March 2, 2024


By , Columbian staff writer

One of the nonprofits, the Humane Society for Southwest Washington, had raised $15,585 of its $25,000 goal by 4 p.m. Tuesday. The nonprofit featured GivingTuesday pop-ups on its website and the story of a shelter dog named Bean Sprout to meet the match of $3,500 from other donors.

“We really want to demonstrate the impact donors have on their community,” said Sam Ellingson, marketing director at the Humane Society for Southwest Washington.

Donation requests also came from email campaigns, such as Evergreen Habitat for Humanity’s email telling donors about “3 Ways to Give This Giving Tuesday.” The email described how to make donations, shop an auction for its event and also visit the nonprofit’s store.

Nonprofits and charity organizations all over the world are using GivingTuesday as a way to bolster community support, but the giving spirit doesn’t have to last for one day only. This year, the Humane Society opened its donations a week before GivingTuesday officially began. Extending the donation campaign helped the organization widen its outreach and avoid restricting community support to a single day.

“GivingTuesday for us and for so many nonprofits has shifted from a single day, to a week long of fundraising, where we develop our giving platform,” Ellingson said.

Local impact

Council for the Homeless, a nonprofit whose mission is to prevent and end homelessness in Clark County, announced Tuesday it was the recipient of a gift from OnPoint Community Credit Union. The credit union donated $5,000 to the nonprofit to help it continue to provide housing services to underserved communities.

The $5,000 donation is a part of the $100,000 in total donations OnPoint announced on Tuesday, which will be given to eight nonprofits that provide food and shelter relief to Oregon and Southwest Washington communities.

And although GivingTuesday is one day out of the year, generosity and kindness are year-round.

Earlier this month on Nov. 17, Rocksolid Community Teen Center received a $1,500 grant from the Clark County Realtors Foundation to enhance education for its Life Skills programming. The Life Skills programming raises awareness of traditions through attendance at cultural events, tours, festivals, field trips, and experiencing new music and food.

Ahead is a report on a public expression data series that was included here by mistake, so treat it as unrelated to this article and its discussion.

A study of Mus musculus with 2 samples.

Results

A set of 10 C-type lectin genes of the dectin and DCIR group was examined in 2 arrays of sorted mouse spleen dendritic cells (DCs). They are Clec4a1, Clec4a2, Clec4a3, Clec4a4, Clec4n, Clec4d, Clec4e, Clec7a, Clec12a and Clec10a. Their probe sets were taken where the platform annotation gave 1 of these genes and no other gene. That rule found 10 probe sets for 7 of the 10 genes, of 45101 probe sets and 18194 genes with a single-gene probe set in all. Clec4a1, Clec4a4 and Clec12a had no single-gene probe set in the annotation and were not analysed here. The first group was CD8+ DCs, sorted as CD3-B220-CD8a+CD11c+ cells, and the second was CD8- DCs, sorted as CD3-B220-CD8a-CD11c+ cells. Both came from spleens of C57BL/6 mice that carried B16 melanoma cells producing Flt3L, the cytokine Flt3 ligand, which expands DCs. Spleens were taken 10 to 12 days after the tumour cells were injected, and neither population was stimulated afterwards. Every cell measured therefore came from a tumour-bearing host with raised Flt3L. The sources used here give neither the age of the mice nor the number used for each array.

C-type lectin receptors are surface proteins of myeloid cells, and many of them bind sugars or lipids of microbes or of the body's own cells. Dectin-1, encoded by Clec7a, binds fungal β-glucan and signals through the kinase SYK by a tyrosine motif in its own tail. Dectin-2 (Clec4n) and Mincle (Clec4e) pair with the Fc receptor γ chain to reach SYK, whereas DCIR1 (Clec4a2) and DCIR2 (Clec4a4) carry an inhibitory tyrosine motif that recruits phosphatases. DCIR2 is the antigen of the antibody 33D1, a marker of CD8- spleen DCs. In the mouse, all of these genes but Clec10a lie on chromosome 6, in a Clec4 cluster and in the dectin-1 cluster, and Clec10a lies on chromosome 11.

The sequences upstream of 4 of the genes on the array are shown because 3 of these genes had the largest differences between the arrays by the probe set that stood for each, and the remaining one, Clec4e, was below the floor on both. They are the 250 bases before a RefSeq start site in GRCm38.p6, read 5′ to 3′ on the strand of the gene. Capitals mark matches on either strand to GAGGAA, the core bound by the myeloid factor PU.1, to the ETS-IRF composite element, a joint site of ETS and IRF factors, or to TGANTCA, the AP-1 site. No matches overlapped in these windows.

“Our team is excited to add this enrichment to our life skills programming. We appreciate the (Clark County Realtors Foundation) believing in the work that we achieve with the youth in our community through bringing awareness of, and appreciation and inclusion for different cultures in the communities in which we live,” said Marcy Sprecher, executive director of Rocksolid Community Teen Center.

Support doesn’t have to just be monetary either, according to Micki Simone, executive director at the West Columbia Gorge Humane Society.

“You can give to us in other ways that don’t involve cash — give to us by volunteering your time. Give back to us by being an advocate or adopting,” she said.

How to give back

GivingTuesday began in 2012 in New York City as a simple idea: a day that encourages people to be kind and give back to the community. It is now its own nonprofit and a worldwide initiative promoting generosity through community contributions, philanthropy and simple acts of kindness.

Since GivingTuesday is an open-source movement, it’s up to the community to decide which causes it wants to support. However, online directories like Charity Navigator and Guidestar are helpful for learning more about organizations in Clark County and across the country.

Community Funded Journalism logo

This story was made possible by Community Funded Journalism, a project from The Columbian and the Local Media Foundation. Top donors include the Ed and Dollie Lynch Fund, Patricia, David and Jacob Nierenberg, Connie and Lee Kearney, Steve and Jan Oliva, The Cowlitz Tribal Foundation and the Mason E. Nolan Charitable Fund. The Columbian controls all content. For more information, visit columbian.com/cfj.